Brain scans reveal that different parts of the brain light up when jazz musicians are improvising and “trading fours”, when they’re engrossed in spontaneous, improvisational musical conversation. The specific parts of the brain that are activated are those associated with the interpretation of the structure of phrases and sentences, the syntactics. Conversely, the musical “conversation” leads to reduced activity in brain areas linked to meaning, the semantics. I report more details in my latest column on the MRI channel at SpectroscopyNOW.com, but I also spoke to Joe Thompson, Musical Director of London’s “The Club at the Ivy” to get a jazz musician’s perspective on the research.

piano-keys

“Exchanging fours with a great jazz musician offers a freedom of expression far greater than the spoken word can ever hope to obtain,” he told me. “At best, it is a dialogue of emotions, a communion of feelings. Youre contradicting, testing each other, challenging and daring each other. You’re sharing experiences, enjoying a joke and a laugh. It’s a game of tennis, a fight, a dual. It is meticulously calculated one moment and blind risk the next. It’s a dance, a shared tribute. One minute you are Andy Murray and Rafael Nadal, the next you are Torville and Dean, Morecambe and Wise, whoever you want to be. A random blend of the highly sophisticated and the base, it can be highly cerebral as well as utterly naive. You share, you compliment, you clash. It’s a two-minute marriage.”

Thompson, who has collaborated with Elvis Costello and Diana Krall among others, suggests that it can feel primeval. “The most exciting, provoking, fulfilling exchange of fours I had (on piano) was with a guy on a djembe (African drum). He not only made me do things I didn’t know I could do, I played things I didn’t know I wanted to play,” he confessed.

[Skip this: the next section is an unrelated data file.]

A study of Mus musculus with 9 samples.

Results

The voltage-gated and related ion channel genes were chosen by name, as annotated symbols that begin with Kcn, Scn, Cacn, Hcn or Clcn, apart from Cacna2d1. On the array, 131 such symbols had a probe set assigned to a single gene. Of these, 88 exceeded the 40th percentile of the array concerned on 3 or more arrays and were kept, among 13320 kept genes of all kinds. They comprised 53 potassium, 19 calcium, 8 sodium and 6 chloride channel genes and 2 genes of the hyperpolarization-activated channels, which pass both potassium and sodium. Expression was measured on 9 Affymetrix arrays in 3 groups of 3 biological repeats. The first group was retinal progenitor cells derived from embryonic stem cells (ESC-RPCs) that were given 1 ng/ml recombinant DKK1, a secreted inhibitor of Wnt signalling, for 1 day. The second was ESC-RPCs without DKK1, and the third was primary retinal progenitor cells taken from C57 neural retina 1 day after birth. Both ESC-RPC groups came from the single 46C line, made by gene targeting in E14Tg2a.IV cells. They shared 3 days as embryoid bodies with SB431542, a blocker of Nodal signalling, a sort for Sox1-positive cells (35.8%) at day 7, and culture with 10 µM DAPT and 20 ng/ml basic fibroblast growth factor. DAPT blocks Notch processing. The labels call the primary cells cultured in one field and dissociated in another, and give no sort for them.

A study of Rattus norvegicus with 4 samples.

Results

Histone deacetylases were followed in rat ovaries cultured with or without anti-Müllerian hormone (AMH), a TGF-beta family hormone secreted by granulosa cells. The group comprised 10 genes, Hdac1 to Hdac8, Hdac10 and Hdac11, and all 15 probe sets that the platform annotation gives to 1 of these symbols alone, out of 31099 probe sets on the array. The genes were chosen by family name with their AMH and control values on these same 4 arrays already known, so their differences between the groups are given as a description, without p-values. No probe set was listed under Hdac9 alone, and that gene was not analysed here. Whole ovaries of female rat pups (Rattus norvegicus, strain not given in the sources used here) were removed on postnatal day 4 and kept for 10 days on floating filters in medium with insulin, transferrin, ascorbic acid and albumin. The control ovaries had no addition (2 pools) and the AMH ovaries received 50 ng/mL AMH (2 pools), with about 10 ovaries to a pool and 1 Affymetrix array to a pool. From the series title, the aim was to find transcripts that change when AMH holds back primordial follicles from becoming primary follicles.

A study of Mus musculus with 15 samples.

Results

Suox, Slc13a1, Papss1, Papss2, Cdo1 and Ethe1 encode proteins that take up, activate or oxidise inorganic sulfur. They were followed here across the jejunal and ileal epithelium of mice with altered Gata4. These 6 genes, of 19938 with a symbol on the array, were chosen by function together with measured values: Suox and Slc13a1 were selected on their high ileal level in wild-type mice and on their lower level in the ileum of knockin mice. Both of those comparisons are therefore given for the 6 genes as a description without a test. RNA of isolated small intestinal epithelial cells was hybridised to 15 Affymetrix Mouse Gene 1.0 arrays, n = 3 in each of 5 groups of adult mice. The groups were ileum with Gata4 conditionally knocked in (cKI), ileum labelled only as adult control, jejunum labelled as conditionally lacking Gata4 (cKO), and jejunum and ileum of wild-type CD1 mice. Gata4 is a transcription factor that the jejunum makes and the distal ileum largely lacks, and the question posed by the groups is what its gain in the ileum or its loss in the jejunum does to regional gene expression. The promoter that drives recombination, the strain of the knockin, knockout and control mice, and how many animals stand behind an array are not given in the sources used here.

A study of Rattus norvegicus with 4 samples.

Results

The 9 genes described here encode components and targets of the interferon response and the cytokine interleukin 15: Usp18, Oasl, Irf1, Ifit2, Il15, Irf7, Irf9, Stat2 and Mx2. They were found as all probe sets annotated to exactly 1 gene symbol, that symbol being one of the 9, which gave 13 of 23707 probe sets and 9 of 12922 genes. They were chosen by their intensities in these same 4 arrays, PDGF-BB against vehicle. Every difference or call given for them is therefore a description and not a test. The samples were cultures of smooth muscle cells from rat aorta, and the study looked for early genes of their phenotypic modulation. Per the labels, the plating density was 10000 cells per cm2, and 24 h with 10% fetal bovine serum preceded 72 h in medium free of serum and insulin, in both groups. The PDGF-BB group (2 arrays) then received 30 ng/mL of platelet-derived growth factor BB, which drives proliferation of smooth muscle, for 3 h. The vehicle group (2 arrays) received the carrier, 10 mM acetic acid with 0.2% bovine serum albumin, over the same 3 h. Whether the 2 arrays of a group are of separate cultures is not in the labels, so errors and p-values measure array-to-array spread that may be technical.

There is a suggestion that a musical exchange somehow bypasses the brain, at least that is hw it feels to Thompson. “You are spontaneously playing what you feel at the precise moment you feel it,” he adds. “You breathe his music in, and your music out. How you play and what you play depends on many things. The best improvising is of the moment and in the moment. Compared to all of this, a spoken dialogue is a walk in the park.”

Of course, he points out that when we communicate with each other we are doing a lot more than listening to, processing and returning the spoken word. “In close-up, face to face dialogue, all of the senses are used, as they are when playing music with someone,” he says. “Is the brain working harder in the jazz dialogue than in a situation where a terrified bloke is chatting up the love of his life, knowing he only has one shot at it? Who knows? But, I don’t think you need an MRI to tell you that the brain is working in similar ways in each situation.”

From the scientific perspective, we do need that MRI scan to provide the physical evidence for what is happening in the brain and you can read the details on SpectroscopyNOW.